I don't know about you, but when it comes to summer weather, I'm a one leg under, one leg out kind of girl. As in, I can only stand being partially covered up by blankets when I sleep. I hate to feel constricted by a comforter or certain types of pajamas, and cuddling is straight up out of the question. Sorry, honey. So when it came to helping my newborn summer baby settle into sleep, I couldn't imagine putting a ton of layers on her, but my husband and I both wondered: Should babies be swaddled in the summer? Turns out we were able to put those swaddling skills to use after all.
"I recommend that infants can still be swaddled in the summer, only until they can roll over from back to belly at which point they should no longer be swaddled," Dr. Sharon Somekh, a pediatrician and parenting consultant at Raiseology.com, tells Romper in an email interview. "A lightweight, velcro swaddle is the best option, and if it is warm in the home, then minimal clothing should be worn underneath the swaddle."
Somekh explains that swaddling helps decrease frequent wakings due to the startle (or moro) reflex in infants which usually disappears around 3 to 4 months of age. "It is, however, important to prevent overheating by limiting the layers of clothing and cooling your home appropriately when possible," she says.
According to The Sleep Store, swaddling alone cannot cause overheating. "Babies' temperature results from the combination of clothing, swaddle wrap and technique, bedding, and room temperature," the website noted. "Each of these factors can be controlled and minimized to ensure your baby does not get too hot."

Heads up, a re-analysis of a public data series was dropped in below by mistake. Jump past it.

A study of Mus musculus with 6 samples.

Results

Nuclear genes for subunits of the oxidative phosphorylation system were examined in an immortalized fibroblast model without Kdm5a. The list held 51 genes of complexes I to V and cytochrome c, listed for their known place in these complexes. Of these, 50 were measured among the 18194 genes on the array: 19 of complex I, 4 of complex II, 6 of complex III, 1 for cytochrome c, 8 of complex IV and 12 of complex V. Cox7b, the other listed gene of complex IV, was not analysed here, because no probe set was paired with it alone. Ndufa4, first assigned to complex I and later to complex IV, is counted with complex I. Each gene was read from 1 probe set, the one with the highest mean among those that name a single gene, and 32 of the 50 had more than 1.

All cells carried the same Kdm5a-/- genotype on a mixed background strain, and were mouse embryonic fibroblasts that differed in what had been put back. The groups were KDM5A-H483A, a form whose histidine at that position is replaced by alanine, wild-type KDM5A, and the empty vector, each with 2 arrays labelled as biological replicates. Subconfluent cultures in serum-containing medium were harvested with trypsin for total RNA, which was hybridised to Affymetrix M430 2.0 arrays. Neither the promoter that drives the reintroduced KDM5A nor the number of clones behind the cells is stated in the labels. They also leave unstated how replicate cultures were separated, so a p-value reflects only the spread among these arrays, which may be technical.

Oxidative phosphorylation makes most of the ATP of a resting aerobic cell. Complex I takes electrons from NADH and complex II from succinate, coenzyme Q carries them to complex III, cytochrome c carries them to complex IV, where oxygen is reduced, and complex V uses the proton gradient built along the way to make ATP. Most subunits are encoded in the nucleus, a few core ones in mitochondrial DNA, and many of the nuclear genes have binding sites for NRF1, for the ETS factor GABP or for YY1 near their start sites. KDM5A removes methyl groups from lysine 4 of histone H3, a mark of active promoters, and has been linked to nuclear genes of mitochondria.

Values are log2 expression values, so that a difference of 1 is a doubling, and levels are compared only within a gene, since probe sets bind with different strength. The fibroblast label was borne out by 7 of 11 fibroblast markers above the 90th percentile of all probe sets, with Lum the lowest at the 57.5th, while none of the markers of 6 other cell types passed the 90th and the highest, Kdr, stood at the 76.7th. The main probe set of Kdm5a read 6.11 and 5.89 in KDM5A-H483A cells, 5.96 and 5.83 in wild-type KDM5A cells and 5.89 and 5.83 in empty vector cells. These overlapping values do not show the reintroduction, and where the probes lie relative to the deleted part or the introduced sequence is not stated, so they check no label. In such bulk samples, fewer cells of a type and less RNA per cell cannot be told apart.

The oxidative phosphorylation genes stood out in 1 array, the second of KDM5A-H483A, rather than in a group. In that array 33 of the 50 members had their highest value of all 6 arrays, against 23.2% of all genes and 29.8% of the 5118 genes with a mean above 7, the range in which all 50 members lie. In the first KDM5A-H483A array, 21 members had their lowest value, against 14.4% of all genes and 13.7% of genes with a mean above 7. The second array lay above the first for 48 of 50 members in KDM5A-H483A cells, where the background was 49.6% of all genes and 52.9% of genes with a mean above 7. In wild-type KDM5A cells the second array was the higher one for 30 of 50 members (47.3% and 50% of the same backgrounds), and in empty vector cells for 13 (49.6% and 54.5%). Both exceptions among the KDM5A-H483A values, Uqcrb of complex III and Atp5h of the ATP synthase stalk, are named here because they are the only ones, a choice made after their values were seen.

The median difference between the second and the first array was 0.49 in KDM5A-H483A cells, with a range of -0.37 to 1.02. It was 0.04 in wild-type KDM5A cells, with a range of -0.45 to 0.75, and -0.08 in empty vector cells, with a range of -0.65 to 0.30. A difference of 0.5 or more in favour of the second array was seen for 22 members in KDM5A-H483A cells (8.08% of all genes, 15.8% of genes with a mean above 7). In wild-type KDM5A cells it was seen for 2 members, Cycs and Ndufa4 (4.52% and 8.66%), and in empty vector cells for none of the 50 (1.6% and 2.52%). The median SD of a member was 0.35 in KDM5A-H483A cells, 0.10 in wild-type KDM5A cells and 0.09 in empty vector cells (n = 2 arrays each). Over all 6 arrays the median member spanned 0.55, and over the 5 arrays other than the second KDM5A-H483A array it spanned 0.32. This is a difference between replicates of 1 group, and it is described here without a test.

The best materials for summer swaddling are wraps or blankets made from muslin or 100 percent cotton. But as The Sleep Store noted, muslin, while ideal for summer because of its breathability, is also the hardest fabric to wrap. Therefore, it may not be suitable "for Houdini babies unless you are a very skilled swaddler," according to the site. A top recommendation for muslin blankets is the Aden + Anais Muslin Swaddle Wraps ($35 for a set of four, Target) which I can say from personal experience are seriously the best. Our daughter was a June baby and we used them throughout the entire summer. As she got older, we also loved the Aden + Anais Muslin Wearable Blanket ($20, Target).
Of course, if you're just hanging out indoors, then you'll want to make sure you dress your infant in loose, lightweight clothing during the summer months. Garments made from a natural fiber like cotton are ideal, according to Parents, and you can use yourself as a guide for how to dress your baby.
Signs that your baby might be overheated include being unusually thirsty or tired. If their skin is cool and moist, then they could be suffering from heat exhaustion, according to Baby Center. On the other hand, a temperature of 103 degrees Fahrenheit (39.4 degrees Celsius) or higher, a rapid pulse, restlessness, confusion, vomiting, and/or lethargy could be signs of heat stroke.
Dehydration is also a concern for little ones (and adults) during the summer months. Signs of dehydration in babies include sleepiness, irritability, thirst, less elasticity in the skin, eyes and fontanel (or soft spot on head) appear sunken, decrease or absence of tears, dry mouth, and/or decrease number of wet diapers, according to Parents.
Keeping your little one cool in the summer is another one of those parenting decisions that is easy to overthink, but is really quite simple. It's hot and, therefore, your little one will be feeling the warmth — just like you. So take the right measures to ensure they are comfortable, hydrated, and basking in the comfort of air conditioning when necessary.
Check out Romper's new video series, Bearing The Motherload, where disagreeing parents from different sides of an issue sit down with a mediator and talk about how to support (and not judge) each other’s parenting perspectives. New episodes air Mondays on Facebook.